Asmau Farm members display seed samples in the northern region of Nigeria on 18th November 2022   -  
Copyright © africanews
Michael Dibie


A global team of humanitarian activists is working together on the front lines of today’s biggest crises to create a future of possibility, where everyone can prosper.

Mercy Corps has a mission to alleviate suffering, poverty and oppression by helping people rebuild secure and productive and just communities.

The group is part of the “Feed the Future Nigeria Rural Resilience Activity" of the U.S. Government's global hunger and food security initiative and recently held a field trip on food security and agribusiness in a complex market system in North East Nigeria.

Margrata Aswani is the Chief of the Party of Rural Resilience Activity and says they focus on women, youth and men and look at the different needs of the different participants to try and deploy appropriate products.

“We want to see how products can be appropriately packaged for the rural and urban poor in the North East," she says.

"We have been able to reach 334,000 individuals through the work that we do directly mostly through our partners."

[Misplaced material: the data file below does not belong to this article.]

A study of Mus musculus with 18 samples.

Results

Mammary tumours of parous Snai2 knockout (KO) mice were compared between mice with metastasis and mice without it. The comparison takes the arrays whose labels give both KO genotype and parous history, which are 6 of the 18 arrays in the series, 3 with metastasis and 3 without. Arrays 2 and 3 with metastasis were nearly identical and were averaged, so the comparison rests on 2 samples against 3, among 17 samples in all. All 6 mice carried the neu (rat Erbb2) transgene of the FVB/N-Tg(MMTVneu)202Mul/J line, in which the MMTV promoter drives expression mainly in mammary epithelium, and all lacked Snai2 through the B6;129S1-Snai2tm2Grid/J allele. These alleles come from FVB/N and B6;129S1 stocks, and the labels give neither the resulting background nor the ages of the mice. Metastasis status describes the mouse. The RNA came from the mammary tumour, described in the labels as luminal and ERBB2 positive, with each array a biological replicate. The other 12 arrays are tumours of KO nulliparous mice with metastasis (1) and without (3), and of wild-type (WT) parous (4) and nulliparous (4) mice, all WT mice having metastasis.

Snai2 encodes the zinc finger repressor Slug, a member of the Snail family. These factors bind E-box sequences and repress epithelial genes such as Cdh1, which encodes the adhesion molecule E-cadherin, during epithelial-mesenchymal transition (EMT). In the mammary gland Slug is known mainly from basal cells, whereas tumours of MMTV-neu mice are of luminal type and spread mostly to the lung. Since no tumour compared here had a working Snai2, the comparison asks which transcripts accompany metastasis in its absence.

Since 2019, the group has partnered with communities to help them recover and rebuild while addressing root causes of conflict, insecurity and inequality. Their work is expected to impact the lives of over 600,000 people across Nigeria.

“So while we are increasing the revenue of our farmers, livestock producers, micro-enterprise owners, there are factors in the economy that are happening at the global level and in Nigeria that are affecting the cost of food, the cost of fuel, cost of inputs and now we have floods affecting productivity," Aswani added.

A female IDP Farmer, Hanatu Bartholomew says the project has helped her relatives and appeals to the authority for more seedlings and input to uplift her farm.

“The farm is helping me even my family, this is where I am living and getting everything I need," she said.

Head of Asmau Farm, Tukur Muazu says they are so lucky the last flood in the country, which destroyed many farms, did not affect them.  He added that the region has faced insecurity. 

“Availability of foundation seeds that is one," he explains. "Secondly availability of funds, for our contract farmers.  "We have to secure the basic things for them to start, you must make fertiliser, insecticides, pesticides, available. You must make sure the tractors are in place and all these require a lot of money and it’s a major challenge.”

The Feed the Future Nigeria Rural Resilience activity is a five-year, $45 million program by the US Agency for International Development (USAID) to facilitate economic growth in vulnerable, conflict-affected areas, by promoting systemic change in market systems.

The project is implemented by Mercy Corps, in partnership with the International Fertilizer Development Center (IFDC) and Save the Children (SCI), in the Northeast states of Adamawa, Bornu, Gombe and Yobe.